JPMorgan Sees `Massive Amounts' of Cash Feeding M&A in Nordics

(Bloomberg) -- There’s a lot of cash swishing about in the Nordic region and that leaves plenty of potential for more mergers and acquisitions, according to JPMorgan Chase & Co.

“There’s massive amounts of dry powder both on the corporate side, where cash balances are very good, and on the private equity side, where we see a lot of activity,” said Jonas Wikmark, the head of Nordic M&A at JPMorgan. “We see very positive sentiment across most sectors and I think that leads to a lot of deals.”

The Nordic region is already witnessing a pronounced increase in deals, with the value of pending and completed transactions soaring 28 percent to $154 billion over the past year, according to Bloomberg data. Though the actual number of agreements has gone down, the deals that are being done are a lot bigger.

Part of the growing appetite for such transactions is being fed by a sense among executives that now is the time to get a head start in new technologies by acquiring startups.

“Many industries are being disrupted and for quite a few companies, attack is the best form of defense,” Wikmark said. “They think ‘how can I disrupt myself before someone else does?”’

There are lots of institutional buyers and they’ve got a lot of liquidity to dispose of, so competition for targets is stiff. As a result, some less traditional tie-ups are occurring. Examples include investment funds stretching the definition of infrastructure to include telecoms and health care.

“Subscription models tend to lead to fairly stable cash flows and I think that has enabled investors to try to redefine the industries that can be perceived as infrastructure, to some extent,” Wikmark said by phone from London.

The development has also opened the door to more private money funding operations such as hospitals, day care centers, schools and social housing, all of which have traditionally been provided by the public sector. And with public budgets increasingly under strain, especially as populations age, many councils are electing to lease space instead of owning it, inviting more private investors into the public real estate market.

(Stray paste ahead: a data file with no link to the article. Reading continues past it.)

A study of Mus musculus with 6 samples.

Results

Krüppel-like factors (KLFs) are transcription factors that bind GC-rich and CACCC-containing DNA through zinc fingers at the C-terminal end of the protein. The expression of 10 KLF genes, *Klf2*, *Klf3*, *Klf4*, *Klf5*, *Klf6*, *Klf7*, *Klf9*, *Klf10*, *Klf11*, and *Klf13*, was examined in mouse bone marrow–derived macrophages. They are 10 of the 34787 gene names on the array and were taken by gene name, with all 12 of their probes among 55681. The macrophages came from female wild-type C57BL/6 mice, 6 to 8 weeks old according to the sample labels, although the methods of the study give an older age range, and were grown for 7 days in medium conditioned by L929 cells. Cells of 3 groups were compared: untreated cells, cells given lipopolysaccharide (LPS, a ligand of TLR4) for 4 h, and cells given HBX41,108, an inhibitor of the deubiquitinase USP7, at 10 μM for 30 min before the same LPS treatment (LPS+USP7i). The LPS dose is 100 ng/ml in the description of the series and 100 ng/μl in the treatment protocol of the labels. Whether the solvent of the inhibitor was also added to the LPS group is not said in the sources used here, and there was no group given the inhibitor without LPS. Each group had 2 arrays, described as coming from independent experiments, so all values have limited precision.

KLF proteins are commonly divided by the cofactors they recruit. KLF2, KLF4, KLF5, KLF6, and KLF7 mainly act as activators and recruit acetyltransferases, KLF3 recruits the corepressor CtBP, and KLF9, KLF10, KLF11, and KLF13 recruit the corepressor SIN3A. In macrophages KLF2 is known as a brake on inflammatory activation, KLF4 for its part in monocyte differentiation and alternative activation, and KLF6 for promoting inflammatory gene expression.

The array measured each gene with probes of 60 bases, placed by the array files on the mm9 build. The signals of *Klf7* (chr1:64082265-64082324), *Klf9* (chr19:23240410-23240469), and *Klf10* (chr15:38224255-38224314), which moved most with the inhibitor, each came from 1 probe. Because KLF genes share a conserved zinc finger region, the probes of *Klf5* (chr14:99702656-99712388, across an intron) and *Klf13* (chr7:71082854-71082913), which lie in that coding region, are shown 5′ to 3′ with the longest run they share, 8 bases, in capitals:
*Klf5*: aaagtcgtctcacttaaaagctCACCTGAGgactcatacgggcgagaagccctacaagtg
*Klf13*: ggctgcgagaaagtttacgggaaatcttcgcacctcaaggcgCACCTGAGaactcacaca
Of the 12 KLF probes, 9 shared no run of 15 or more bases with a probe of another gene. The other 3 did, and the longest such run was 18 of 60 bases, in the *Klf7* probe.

That trend goes beyond the Nordics. Last year, 19 percent of global infrastructure deals were in the social sphere, up from 12 percent in 2015, Preqin Ltd. estimates. Almost 90 percent of the transactions were valued at under $500 million each.

“Most of the funds are becoming more open, looking at new sectors that they can call infrastructure, because the abundance of capital and a low interest-rate environment continue to prevail and the opportunities are shrinking in the core sectors,” said Carsten Woehrn, who was named JPMorgan’s head of EMEA infrastructure M&A earlier this month.

As more private money flows into infrastructure, the funds doing the buying have seen their balance sheets balloon in size. Many have started moving from “ultra-regulated, long-term contracted, very stable assets” to a “more core+ space,” Woehrn said. Key for these investments is that they “tick the criteria that make an infrastructure investment, such as inflation protection, some level of stability for the profits in the future.”

Benefits of investing in social assets can include a steady cash flow, portfolio diversification and inflation protection. On the other hand, many projects are small, may encounter operational inefficiencies or run regulatory and reputational risks. To be sure, exposures to social projects only make up about a fifth of all infrastructure investment for the industry.

“It’s fair to say it’s nascent, in the Nordics at least, and something to keep an eye out for going forward,” Wikmark said. “Many infra funds would love to invest more in the Nordic region if assets become available.”